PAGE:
4 June 1998 Edition
Workers in struggle: Privatisation train set to roll
O'Rourke must have a public debate on sell-offs
There has never been a debate in Ireland about the privatisation process. Instead it is taken for granted that auctioning state utilities should be a fact of life
What will lead to less jobs, more wages and perks for executives, a worse service for consumers and the transfer of Irish resources into the hands of foreign multinationals? One answer - privatisation.
Planes, trains, phonelines, post offices and banks are all set to come under the auctioneer's hammer in the 26 Counties over coming months. Chief auctioneer is the minister for Public Enterprise Mary O'Rourke. In the past fortnight O'Rourke has been moving forward the process of privatising Telecom and TEAM Aer Lingus.
The logic behind selling off state assets is a two pronged one. One argument frequently used in favour of sell offs is that the public sector companies up for sale are inefficient and cannot be run properly in the public sector.
The second argument is an ideological one. Many of our public owned companies such as the ESB, Telecom and An Post have social market monopolies. Free market economics dictates that these markets must be competitive in that there must be more than one company operating in the market and all those companies must be owned by the private not the public sector.
In the case of the 26-County economy many of its public utilities were formed because the private sector refused to invest in these economic sectors. It was the state who made the investment and took the risk. Now after years of investment and with most public sector companies in profit they are ready for sell offs.
Already shares in Telecom have been sold to a foreign communications company at half the price paid by Telecom workers for their 15% share.
In the early 1990s Suicre Eireann was privatised, becoming Greencore. In 1991 some of the company's directors were shown to have used the privatisation process for their own private gain to the tune of £8 million.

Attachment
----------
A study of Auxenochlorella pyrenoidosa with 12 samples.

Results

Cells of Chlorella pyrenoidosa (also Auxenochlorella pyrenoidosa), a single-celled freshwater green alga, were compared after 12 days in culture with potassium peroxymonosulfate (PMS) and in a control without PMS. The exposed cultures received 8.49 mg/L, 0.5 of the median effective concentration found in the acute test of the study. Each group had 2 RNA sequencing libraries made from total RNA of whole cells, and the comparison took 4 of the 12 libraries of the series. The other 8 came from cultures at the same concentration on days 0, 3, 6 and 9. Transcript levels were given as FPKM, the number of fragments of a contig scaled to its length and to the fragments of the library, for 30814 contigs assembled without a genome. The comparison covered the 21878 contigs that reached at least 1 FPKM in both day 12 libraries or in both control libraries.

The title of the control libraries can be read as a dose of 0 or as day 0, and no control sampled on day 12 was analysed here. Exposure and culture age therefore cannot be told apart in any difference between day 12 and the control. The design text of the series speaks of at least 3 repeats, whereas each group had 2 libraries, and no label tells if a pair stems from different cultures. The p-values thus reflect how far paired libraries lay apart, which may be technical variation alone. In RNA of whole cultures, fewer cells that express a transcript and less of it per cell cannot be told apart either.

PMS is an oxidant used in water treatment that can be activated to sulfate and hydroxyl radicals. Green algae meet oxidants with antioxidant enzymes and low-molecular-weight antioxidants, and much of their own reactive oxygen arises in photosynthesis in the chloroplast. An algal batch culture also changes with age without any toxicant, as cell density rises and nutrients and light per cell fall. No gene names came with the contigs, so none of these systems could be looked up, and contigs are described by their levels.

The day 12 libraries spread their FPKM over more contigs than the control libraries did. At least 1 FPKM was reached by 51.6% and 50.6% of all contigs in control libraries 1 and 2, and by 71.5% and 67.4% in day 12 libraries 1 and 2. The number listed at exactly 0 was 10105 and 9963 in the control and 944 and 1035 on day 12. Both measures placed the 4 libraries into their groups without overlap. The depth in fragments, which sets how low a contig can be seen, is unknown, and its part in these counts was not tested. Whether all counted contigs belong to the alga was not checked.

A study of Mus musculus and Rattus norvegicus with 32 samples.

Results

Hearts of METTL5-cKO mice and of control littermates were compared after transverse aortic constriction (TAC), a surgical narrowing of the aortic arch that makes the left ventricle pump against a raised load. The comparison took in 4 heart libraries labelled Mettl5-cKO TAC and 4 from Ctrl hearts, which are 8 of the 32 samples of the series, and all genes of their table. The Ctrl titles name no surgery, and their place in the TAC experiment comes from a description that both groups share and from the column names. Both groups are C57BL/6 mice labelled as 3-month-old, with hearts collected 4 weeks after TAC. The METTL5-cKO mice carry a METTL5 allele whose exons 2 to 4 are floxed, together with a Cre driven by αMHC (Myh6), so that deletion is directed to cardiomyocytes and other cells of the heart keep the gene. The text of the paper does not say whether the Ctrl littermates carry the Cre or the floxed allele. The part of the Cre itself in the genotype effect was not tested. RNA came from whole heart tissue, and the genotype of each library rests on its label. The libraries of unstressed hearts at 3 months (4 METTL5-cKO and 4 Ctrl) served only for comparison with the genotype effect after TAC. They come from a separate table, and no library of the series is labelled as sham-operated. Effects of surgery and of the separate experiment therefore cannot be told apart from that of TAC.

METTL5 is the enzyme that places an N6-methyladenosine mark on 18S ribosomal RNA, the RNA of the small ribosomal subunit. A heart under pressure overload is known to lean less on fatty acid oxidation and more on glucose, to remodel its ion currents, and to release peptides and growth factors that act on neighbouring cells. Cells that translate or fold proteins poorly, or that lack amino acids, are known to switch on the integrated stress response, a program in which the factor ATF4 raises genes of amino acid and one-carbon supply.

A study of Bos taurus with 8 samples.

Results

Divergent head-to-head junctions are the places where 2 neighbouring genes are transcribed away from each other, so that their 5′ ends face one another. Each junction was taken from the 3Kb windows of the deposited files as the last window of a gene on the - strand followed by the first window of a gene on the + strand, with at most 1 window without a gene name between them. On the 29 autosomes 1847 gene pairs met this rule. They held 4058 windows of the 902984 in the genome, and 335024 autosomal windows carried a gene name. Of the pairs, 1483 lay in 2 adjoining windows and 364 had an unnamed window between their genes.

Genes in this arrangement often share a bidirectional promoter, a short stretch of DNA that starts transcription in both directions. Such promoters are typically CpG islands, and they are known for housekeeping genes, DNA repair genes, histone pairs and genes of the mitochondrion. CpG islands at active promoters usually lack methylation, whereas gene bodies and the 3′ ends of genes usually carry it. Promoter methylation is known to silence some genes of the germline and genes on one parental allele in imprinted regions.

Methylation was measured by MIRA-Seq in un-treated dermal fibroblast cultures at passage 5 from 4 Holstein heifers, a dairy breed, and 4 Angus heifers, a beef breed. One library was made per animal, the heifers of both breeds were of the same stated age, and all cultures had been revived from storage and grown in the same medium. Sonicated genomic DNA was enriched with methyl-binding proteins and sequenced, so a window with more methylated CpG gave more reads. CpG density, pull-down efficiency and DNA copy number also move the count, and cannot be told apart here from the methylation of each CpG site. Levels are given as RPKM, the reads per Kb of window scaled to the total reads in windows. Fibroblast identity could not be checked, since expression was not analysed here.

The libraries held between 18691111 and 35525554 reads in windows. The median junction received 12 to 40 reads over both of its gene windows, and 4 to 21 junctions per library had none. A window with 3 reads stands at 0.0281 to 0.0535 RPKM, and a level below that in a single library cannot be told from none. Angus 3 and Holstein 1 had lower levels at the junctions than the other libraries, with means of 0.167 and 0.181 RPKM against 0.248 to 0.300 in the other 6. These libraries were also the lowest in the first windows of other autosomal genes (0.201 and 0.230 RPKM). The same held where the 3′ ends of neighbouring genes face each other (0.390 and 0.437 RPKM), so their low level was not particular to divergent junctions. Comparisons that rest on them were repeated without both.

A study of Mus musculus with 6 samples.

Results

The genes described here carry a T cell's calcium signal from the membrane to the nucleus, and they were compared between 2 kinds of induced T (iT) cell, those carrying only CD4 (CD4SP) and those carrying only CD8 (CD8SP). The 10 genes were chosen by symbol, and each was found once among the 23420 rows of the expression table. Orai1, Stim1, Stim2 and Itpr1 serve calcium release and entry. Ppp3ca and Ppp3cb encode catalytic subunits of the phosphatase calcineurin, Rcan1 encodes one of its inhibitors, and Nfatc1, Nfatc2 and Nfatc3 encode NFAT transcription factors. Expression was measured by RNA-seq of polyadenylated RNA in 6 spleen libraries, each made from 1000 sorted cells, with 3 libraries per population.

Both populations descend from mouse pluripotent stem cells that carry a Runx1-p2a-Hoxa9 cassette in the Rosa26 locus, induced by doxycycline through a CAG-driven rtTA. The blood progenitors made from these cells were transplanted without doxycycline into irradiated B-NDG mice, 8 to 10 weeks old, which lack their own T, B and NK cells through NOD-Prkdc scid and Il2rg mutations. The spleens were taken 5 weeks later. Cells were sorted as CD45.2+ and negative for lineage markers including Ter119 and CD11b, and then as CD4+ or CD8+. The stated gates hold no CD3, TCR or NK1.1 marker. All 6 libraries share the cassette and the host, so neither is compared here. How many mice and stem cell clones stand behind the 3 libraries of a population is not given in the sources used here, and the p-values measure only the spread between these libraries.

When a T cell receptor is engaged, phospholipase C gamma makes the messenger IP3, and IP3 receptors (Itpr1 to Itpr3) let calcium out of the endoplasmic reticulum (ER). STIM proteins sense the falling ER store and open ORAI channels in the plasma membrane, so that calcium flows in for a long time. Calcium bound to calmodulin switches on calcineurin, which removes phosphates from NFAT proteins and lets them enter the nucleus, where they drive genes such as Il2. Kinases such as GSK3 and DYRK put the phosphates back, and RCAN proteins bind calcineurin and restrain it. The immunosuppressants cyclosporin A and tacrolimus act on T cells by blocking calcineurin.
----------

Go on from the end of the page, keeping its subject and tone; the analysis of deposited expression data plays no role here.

The salaries of executive directors at Greencore and Irish Life, another privatised company, are tens of thousands of punts in excess of those they would have earned in the public sector for doing the same job. The wages of their workers have not increased by the same levels.
The impetus for privatisation programmes comes from two sectors. One is from the private sector itself who are anticipating asset stripping public sector companies. The other impetus is the European Commission who want the EU to be an open market economy and have demanded that the member states sell off their public sector assets.
Margaret Thatcher's Conservative government led the way in privatisation programmes, selling off every possible public utility including telecommunications, gas, electricity, airlines, steel companies, coal mines, railways, hospitals and even water services.
Between 1979 and 1995 the numbers employed in these industries fell by 80%. Privatised water companies had by April 1997 declared over £10 billion pounds in profits since privatisation, while 30% of the water supply was leaking through faulty pipes.
There has never been a debate in Ireland about the privatisation process. Instead it is taken for granted that auctioning state utilities should be a fact of life.
Last week TEAM Aer Lingus workers who voted against the sell off of their company to a Danish aircraft maintenance firm showed that there is still some opposition to the privatisation rollercoaster. The craftworkers were acting very much in their own interests rather than national ones. However the media reaction to the TEAM workers No vote showed clearly the bias in favour of relentless privatisation of state resources.
The TEAM workers met minister O'Rourke and asked that TEAM should remain part of Aer Lingus. She gave them a hearing. But at the same time O'Rourke has announced that she is speeding up the process of privatising Telecom and the company could be sold by next year. Now she should take a further step and initiate a public debate on the privatisation process.